Again, Men and Women Are Biologically Different

If you’re interested in the scientific roots of this discussion, as I am, please click here to read David P. Schmitt’s lengthy article “Sex and Gender Are Dials (Not Switches)” in full.

I share it because, as a dating coach who reads incessantly about gender, sex, and relationship dynamics, I want to ensure that I’m giving the most informed, responsible advice. One of the things that underlie my advice is that, while men and women are equal, they are different biologically. Of course, one look below your waist would tell you that, but the way the online dialogue goes these days, it bears repeating.

Gender discrimination is wrong on a personal level, a societal level, and an institutional level. Anyone who doesn’t acknowledge that is harboring an ill-informed, black and white view of the world.

Gender discrimination is wrong on a personal level, a societal level, and an institutional level.

At the same time, where did we get the idea that sex/gender is a mere societal construct? That little boys and girls are like blank slates with NO biological differences? That’s complete bunk – and it’s bunk that’s been thoroughly debunked by scientists.

Ready for Lasting Love?
Ready for Lasting Love?

If we can’t understand and acknowledge the broad overall differences between men and women, it becomes nearly impossible to grapple with modern dating dynamics.

Sometimes, stereotypes have a place in this world; what we don’t want to do is assume that EVERY member of a group adheres to the same stereotype. Cue Dr. Schmitt:

“Although male/female, masculine/feminine, androphilic/gynephilic, and so forth might be scientifically useful as overall summaries (a sort of shorthand until we figure out what is really happening), massive amounts of sexual diversity exist under that surface-level description. The underlying variation is not random (cisgender men are usually more masculine and gynephilic, on average than cisgender women), but a lot of hidden and scientifically important sexuality exists underneath sexual labels. Scientifically, this is a problem.”

This is why it’s so tricky to discuss. And this is why Schmitt refers to sex and gender as dials instead of switches. Despite the fact that there are obvious gender differences as a whole, there  is wide variance within both men and women.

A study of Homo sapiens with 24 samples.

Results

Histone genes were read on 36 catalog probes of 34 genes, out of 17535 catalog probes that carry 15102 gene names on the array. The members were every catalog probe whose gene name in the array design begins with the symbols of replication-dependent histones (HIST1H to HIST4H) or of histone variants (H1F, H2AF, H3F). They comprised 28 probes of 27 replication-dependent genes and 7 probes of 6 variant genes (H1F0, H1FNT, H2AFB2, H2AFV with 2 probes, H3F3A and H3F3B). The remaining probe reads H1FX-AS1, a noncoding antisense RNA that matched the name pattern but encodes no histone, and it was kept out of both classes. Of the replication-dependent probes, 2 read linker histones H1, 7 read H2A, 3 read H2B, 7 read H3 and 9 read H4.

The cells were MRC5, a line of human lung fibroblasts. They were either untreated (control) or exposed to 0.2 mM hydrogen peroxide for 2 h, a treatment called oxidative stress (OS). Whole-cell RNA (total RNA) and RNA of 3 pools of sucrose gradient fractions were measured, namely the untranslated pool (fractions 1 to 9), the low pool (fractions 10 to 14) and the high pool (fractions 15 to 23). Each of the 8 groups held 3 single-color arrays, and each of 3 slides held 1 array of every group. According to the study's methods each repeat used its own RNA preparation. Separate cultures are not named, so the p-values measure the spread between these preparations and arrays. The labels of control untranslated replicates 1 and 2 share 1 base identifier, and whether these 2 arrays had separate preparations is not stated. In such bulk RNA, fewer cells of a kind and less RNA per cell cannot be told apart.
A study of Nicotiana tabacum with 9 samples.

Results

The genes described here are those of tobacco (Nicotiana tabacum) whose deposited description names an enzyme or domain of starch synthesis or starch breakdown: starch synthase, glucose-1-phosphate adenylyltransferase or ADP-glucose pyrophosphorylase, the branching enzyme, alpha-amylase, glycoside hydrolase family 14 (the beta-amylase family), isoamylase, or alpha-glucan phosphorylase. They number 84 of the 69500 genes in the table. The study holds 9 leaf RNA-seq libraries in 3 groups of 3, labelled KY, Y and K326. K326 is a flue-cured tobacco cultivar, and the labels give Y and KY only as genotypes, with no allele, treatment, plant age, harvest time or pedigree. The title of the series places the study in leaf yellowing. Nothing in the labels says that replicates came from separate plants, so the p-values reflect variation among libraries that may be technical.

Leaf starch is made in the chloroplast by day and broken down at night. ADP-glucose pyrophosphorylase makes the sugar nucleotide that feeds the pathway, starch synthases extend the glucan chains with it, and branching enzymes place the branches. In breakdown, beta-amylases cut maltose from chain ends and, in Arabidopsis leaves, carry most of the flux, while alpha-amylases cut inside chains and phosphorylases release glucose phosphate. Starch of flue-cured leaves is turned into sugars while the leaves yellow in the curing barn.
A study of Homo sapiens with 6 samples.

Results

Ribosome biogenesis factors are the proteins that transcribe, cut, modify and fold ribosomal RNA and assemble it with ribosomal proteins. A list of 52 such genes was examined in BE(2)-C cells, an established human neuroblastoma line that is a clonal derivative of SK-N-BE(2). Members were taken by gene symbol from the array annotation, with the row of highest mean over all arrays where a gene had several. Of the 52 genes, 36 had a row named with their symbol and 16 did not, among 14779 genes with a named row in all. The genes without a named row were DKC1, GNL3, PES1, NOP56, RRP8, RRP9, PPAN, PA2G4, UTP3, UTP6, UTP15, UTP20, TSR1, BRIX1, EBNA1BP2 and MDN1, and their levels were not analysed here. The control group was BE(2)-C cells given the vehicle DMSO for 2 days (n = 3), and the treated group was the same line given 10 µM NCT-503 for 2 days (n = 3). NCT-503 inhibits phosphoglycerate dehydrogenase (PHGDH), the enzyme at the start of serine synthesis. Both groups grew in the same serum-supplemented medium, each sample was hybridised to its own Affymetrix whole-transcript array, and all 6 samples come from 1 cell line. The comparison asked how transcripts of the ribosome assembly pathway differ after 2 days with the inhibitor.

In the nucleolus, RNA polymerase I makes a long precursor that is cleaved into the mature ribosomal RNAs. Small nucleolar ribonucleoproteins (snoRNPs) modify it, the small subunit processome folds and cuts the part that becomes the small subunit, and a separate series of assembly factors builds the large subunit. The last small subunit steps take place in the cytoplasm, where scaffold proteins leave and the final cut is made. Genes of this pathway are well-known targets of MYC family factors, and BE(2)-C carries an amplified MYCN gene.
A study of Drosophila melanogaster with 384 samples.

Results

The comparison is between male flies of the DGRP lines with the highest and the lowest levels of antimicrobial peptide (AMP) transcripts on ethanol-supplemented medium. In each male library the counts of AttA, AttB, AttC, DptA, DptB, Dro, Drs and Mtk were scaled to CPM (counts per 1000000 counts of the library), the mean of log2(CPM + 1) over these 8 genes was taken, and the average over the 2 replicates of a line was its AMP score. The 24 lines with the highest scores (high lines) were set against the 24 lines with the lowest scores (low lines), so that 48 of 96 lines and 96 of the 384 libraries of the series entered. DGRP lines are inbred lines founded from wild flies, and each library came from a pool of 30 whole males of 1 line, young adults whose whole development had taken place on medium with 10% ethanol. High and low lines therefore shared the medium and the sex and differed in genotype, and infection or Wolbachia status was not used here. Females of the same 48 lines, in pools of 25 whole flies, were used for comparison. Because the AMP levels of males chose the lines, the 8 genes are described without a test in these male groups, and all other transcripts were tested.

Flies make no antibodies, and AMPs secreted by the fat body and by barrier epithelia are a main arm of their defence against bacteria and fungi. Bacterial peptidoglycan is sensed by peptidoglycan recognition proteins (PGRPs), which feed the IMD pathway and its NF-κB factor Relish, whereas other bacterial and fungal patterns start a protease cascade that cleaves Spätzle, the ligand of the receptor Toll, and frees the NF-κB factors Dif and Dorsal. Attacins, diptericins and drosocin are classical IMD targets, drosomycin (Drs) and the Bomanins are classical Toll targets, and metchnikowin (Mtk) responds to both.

“According to the  organizational hypothesis  of sex differentiation, a key cause of male-female sex differences is the prenatal experience (or lack thereof) of androgen-related brain masculinization. In humans, a critical gestational period exists during the second trimester during which male brains, but typically not female brains, are permanently altered in function and structure in ways producing masculinized physical and psychological traits (e.g., personalities, cognitive abilities, play preferences).

Perhaps as a result of these differential  in utero  exposures to testosterone, when we look around the world we find across all (or nearly all) cultures that men and women differ, on average, in many regards. Ellis (2011) documented 65 apparently universal sex differences in cognition and behavior, ranging from preferences and attitudes to interests and abilities.  

Here are the Top 10:

Sex as Gender and Dials

If those sound too much like stereotypes, how about we redefine them as heuristics? A heuristic is “any approach to problem-solving, learning, or discovery that employs a practical method not guaranteed to be optimal or perfect, but sufficient for the immediate goals.”


So we can rightfully state, in the same breath, that  women are more verbal, more social, less aggressive, and more anxious  AND that this doesn’t apply to each and every woman.  Says Schmitt:

“Yes, evolutionary selection pressures may lead male sexual identity to generally be co-aligned with other expressions of masculinity (e.g., a deeper voice, Puts et al., 2016; a stronger sex drive, Baumeister et al., 2001; more interest in competitive  team  sports; Deaner & Smith, 2013), but evolution in sexually-reproducing species allows for a lot of variation along the many sex/gender dials (due, for instance, to sexually-antagonistic selection pressures; Stearns et al., 2012; Stulp et al., 2012). Sex/gender dials do not all need to be turned “all the way up to 11” for evolution to play a role in producing human sexual diversity.”

So we can rightfully state, in the same breath, that  women are more verbal, more social, less aggressive, and more anxious  AND that this doesn’t apply to each and every woman.

You may find  my approach to this topic to be didactic, and you may be right. I just think that it’s essential that we converse using the same set of facts. Facts shouldn’t be subject to one’s feelings or biases. Nor should they be twisted to enact some sort of agenda. They should just stand on their own. I’ll let the author get the last word.

“From an evolutionary perspective, it is extremely unlikely  there is  one “gender switch” adaptation that invariably gives rise to essentialist, determined, and dichotomous male and female psychologies. Wrong, wrong, and wrong. Rather, there are likely dozens (if not hundreds) of evolved sexuality adaptations, each turning the sex/gender dials of men and women in oblique, context-sensitive ways, each contributing a small part in generating the wonderful sex and gender variations observed in our species, all around the world.”

Your thoughts, below, are greatly appreciated.